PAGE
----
Computer Associates International Inc. has been moving full speed into the network and desktop security arenas, but company officials still believe that there is room for growth in the mainframe market and say that the current lack of an overarching solution in that sector makes it ripe for the picking. IBM is the only other real player in the mainframe security world.
CA executives estimate that 30 percent of their companys identity and access management business comes from mainframe security products.
The Security Management Architecture relies on a variety of standards, including Kerberos, WS-Security, SAML (Security Assertion Markup Language), SPML (Service Provisioning Markup Language), X.509 and others, to enable enterprises to propagate identity information throughout the environment, regardless of which avenue a user takes to the mainframe.
The framework can track user identities throughout the infrastructure using a common terminology.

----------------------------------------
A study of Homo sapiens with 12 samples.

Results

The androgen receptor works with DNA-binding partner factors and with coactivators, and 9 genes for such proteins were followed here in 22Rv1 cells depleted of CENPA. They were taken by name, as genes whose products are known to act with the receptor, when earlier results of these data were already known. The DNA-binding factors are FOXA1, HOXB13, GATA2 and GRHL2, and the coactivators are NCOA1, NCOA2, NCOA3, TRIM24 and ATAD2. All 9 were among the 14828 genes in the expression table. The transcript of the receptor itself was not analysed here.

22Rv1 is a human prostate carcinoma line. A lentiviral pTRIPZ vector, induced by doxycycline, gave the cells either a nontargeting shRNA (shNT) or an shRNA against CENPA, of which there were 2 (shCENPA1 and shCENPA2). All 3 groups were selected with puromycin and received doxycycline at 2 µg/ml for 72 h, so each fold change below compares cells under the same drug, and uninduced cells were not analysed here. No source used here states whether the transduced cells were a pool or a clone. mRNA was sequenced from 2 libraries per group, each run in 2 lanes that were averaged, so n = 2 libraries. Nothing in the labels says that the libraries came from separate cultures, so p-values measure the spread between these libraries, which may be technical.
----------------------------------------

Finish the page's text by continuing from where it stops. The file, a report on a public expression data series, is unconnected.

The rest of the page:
"Weve been seeing a lot of customers with a lot of users signed up on the Web who come in and hit some middleware and then go on to a transaction on the mainframe and their identity doesnt propagate," said Toby Weiss, vice president of the eTrust security unit at CA, based in Islandia, N.Y.
"We can fix that without changing the applications, which is key for these customers. The bulk of the transactions still happen on the mainframe," Weiss said.
The company also is announcing new versions of its two major mainframe security offerings, CA-ACF2 and CA-Top Secret.
Both products now include integration with the Security Management Architecture, as well as improved support for LDAP Directory Service, including recovery processing and the capability to send installation data.